Calgary's Folk Fest kicks off with distanced Summer Serenades
The 42nd edition of the festival will be a different experience due to COVID-19
Just as Calgarians put away their cowboy boots, another music festival is taking over the city.
The Calgary Folk Festival's concert series "Summer Serenades" started Thursday and goes until the following Wednesday on Prince's Island Park.
Normally, there would be a lineup of hundreds of people waiting to get the best spot for their tarps, but things are a bit different this year.
What used to be a mix-n-mingling event will have some extra precautions due to the COVID-19 pandemic; however, artistic director Kerry Clarke says it is heartwarming to have a festival at all.
"I think we're one of the first festivals in the country to be doing something live and we called it Summer Serenades just to alter people's perceptions of what they might expect," she said.
Ticket buyers for the concert are assigned to a space for their tarps and blankets that are six by eight feet (roughly two by 2.5 metres) — big enough to host up to four adults and two kids.
"We've really utilized our culture, which already has people sort of sitting in a certain area," said Clarke. "So people are sitting with their parties."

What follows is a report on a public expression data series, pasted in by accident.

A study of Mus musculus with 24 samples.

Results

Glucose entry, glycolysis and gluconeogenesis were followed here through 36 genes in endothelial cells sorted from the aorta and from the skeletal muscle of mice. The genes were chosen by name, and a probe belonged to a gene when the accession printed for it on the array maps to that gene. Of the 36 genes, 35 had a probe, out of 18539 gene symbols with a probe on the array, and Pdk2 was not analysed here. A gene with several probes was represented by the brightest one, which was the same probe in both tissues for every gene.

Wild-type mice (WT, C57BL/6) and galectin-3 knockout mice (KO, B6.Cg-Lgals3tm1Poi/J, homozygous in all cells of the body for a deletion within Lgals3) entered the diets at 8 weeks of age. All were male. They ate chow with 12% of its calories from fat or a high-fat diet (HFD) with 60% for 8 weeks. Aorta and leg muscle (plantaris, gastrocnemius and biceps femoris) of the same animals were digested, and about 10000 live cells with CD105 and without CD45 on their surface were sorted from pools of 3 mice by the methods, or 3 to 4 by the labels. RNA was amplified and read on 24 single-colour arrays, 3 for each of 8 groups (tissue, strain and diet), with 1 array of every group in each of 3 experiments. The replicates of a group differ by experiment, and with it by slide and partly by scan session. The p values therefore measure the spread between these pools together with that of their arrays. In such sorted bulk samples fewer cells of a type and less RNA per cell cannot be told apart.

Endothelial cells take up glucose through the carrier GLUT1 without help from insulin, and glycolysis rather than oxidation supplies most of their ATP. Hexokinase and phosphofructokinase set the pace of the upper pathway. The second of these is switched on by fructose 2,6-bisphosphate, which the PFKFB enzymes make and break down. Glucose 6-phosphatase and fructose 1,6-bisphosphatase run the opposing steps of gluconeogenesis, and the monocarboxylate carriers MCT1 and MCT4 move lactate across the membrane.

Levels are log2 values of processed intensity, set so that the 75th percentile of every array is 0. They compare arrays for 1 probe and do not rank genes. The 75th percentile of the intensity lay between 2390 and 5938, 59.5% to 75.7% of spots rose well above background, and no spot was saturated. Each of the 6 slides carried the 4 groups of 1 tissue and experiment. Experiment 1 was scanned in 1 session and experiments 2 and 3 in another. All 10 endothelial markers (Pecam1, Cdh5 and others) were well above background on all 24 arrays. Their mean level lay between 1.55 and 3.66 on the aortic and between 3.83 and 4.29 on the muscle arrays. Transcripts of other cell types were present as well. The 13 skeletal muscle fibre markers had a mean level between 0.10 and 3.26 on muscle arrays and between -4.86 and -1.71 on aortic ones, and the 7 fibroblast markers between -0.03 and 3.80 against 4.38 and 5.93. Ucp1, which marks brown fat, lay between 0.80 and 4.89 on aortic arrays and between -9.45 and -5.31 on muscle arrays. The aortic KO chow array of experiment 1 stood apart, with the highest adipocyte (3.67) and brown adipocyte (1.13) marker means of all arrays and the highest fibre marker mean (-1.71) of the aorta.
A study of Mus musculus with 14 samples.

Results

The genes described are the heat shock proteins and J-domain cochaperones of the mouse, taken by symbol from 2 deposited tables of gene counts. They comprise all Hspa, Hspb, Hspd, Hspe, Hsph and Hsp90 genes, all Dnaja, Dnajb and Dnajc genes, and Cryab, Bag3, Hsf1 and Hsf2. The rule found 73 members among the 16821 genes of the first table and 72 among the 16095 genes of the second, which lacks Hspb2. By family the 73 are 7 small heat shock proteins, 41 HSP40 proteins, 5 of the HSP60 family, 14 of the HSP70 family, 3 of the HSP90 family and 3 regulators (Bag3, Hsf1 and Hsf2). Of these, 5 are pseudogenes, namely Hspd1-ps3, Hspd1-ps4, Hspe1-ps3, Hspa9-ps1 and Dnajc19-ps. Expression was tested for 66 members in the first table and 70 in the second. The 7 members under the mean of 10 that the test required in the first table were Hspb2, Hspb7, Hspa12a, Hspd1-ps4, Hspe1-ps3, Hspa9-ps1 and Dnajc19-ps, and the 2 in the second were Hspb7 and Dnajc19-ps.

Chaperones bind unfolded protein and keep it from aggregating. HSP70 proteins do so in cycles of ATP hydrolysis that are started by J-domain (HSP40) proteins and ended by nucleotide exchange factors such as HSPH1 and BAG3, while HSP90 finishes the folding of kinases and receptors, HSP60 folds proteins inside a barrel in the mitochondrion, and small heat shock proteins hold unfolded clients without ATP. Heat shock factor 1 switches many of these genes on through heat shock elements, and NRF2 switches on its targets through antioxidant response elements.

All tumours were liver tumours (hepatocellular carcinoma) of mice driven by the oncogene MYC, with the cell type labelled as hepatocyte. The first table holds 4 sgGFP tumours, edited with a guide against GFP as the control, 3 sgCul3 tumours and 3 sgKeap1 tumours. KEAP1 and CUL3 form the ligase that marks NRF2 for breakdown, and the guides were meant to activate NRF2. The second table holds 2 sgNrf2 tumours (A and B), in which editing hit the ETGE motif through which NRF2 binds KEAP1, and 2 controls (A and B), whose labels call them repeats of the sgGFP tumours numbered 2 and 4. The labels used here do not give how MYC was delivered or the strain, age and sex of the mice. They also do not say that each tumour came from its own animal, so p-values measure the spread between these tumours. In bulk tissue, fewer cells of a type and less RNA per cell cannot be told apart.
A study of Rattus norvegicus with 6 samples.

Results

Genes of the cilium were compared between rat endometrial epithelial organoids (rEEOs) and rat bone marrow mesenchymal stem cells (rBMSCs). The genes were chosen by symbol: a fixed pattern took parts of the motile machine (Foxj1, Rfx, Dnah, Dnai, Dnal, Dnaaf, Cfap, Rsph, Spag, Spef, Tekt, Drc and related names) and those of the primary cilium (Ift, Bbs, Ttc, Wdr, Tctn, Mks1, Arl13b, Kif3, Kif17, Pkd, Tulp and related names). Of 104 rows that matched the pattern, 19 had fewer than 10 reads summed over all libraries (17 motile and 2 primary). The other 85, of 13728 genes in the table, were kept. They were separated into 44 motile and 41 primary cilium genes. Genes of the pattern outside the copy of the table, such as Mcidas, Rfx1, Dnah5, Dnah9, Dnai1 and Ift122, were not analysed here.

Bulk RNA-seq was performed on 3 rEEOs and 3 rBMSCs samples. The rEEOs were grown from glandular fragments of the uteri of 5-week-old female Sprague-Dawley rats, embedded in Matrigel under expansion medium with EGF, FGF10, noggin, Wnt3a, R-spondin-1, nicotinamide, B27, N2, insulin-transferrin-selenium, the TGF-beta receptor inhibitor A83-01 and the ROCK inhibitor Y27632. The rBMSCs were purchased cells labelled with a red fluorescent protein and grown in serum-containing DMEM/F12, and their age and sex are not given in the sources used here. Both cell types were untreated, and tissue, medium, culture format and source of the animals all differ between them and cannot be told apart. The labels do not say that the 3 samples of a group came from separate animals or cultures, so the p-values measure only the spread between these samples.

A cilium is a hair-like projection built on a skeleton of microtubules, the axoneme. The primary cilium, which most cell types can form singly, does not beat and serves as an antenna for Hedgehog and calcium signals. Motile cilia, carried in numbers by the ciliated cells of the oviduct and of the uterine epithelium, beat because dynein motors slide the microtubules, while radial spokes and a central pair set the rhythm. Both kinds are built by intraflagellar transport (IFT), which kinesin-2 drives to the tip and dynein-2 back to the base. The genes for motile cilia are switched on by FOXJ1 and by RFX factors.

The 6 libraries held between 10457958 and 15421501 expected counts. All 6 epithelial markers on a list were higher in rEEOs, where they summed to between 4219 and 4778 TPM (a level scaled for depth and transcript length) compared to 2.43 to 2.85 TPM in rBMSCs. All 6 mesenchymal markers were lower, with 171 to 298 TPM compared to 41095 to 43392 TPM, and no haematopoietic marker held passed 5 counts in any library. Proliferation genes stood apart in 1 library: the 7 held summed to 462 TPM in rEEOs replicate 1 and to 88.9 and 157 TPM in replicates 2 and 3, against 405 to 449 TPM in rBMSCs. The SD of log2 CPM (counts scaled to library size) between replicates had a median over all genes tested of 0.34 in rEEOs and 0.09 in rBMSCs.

When moving around the site, attendees are encouraged to wear their masks — but can be completely unmasked to enjoy food and drinks in their space.
There was five food venues to choose from this year, which is quite scaled down from years past, as well as the option to buy a cold one from the beer gardens to bring back to your tarp.
The festival is put together by hundreds of volunteers, and this year is no different.
Despite only having 600 helping hands rather than the usual 2,000, volunteer Diana Borak says the smaller setup is manageable.
"I feel like we're well-staffed for the tasks that we do have to do," she said.
She adds that organizers have worked hard to make the event feel safe both as an attendee and volunteer
"There's a lot of precaution and I think the mood overall is a lot of excitement," she said.
"My favourite thing about the folk festival is the community that comes together so to be able to get back to that even in a slightly different way is just amazing."